This is likely my second favourite middle grade read to date, just slightly behind my forever favourite: Nevermoor. (If you follow me on instagram you will likely already know this as I say it at least 3 times a week).
So, basically, this review may be a bit biased.
Arlo Finch has a lot the same elements that work for me in Nevermoor and The Storm Keeper’s Island. Fast paced adventure, a bit of spookiness, and really cool magic. Just add in Arlo’s great group of friends and the most epic summer camp in existence.
I just can’t get enough stories centring around camp – the tenting, the nature, the campfire – my whole reading life I have gravitated towards spooky camps and spooky camp stories.
Ok, I am kind of geeking out and not really talking the story.
You’ll likely need to have read Arlo Finch and the Valley of Fire to really appreciate Lake of the Moon, but the general concept is still the same. Quickly upon arriving in Pine Mountain, Colorado, Arlo realizes there is a lot more to this small town. A lot of weird stuff. A lot of magic. He and his friends (Indra & Wu) are rangers of the Pine Mountain Company and explore all things odd, creepy and magical in the Long Woods. John August’s passion for camping and guides/scouts is readily apparent and just makes you want to go on an outdoor nature adventure. He is an incredible story teller that just keeps you entertained all the way through.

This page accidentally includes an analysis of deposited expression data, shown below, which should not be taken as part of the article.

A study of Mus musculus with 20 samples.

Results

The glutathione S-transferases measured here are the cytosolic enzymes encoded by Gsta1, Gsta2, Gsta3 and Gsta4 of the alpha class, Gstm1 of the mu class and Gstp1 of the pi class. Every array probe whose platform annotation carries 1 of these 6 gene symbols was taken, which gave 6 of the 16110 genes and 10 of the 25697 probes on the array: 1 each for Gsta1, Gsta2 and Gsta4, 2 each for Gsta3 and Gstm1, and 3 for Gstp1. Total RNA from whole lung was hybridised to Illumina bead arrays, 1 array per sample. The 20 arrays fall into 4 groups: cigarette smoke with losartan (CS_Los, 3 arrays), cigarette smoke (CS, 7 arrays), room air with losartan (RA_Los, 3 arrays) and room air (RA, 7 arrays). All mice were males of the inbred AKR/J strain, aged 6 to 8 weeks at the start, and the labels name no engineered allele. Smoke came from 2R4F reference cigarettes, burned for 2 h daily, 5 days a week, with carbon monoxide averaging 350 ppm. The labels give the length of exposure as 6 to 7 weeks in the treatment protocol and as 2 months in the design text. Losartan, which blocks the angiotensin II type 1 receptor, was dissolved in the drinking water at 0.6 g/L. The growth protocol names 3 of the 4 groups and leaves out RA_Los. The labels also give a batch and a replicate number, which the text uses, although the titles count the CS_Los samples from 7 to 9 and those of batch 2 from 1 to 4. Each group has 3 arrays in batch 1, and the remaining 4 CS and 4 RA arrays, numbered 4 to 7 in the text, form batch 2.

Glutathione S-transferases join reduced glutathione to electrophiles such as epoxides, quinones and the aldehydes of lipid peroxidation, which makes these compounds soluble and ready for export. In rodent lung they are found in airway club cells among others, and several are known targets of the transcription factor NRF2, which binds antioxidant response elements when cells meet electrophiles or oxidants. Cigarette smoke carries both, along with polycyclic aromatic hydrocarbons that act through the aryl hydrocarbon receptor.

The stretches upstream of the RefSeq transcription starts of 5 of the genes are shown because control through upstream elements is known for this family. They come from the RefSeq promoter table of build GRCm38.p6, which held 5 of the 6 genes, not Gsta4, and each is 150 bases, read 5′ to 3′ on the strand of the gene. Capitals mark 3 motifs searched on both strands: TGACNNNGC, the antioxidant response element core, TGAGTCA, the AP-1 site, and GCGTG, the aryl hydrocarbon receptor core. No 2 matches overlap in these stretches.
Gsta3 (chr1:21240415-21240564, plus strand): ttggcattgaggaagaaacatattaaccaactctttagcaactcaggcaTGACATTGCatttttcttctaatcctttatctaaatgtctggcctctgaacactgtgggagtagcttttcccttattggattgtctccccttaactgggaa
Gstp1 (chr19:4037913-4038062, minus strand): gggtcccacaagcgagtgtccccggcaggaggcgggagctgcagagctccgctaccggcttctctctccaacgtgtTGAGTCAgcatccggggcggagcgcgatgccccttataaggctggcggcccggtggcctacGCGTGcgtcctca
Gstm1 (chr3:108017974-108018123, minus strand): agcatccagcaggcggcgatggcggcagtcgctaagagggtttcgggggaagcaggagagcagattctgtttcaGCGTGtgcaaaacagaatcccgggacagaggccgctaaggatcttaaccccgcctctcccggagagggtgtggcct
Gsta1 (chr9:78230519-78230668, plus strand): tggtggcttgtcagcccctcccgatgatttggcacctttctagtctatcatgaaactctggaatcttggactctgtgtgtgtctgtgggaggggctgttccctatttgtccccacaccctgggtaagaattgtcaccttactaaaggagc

Throughout Lake of the Moon, Arlo and his friends are piecing together past clues and their run-ins with forest sprites and codes written in tree bark to uncover some powerful secrets regarding Pine Mountain and the Long woods. Somehow they all centre & connect back to Arlo’s family.
Arlo is an incredibly likeable, believable boy who struggles with his own confidence that is burgeoning under the friendships with Indra and Wu. John August’s friendship dynamics here are very authentic and includes real friendship feuding and squabbling. It is so wonderful to see a best friend relationship between a girl and a boy, without it leaning towards romantic “crushes”. Indra and Wu are strong, fleshed out characters in their own right. In fact, considering the great quantity of characters in this story none of them felt flat or underdeveloped.
It’s just the right amount of fun, magic, mystery and spook. It would make an excellent summer read and I can’t recommend it enough for adventure loving readers.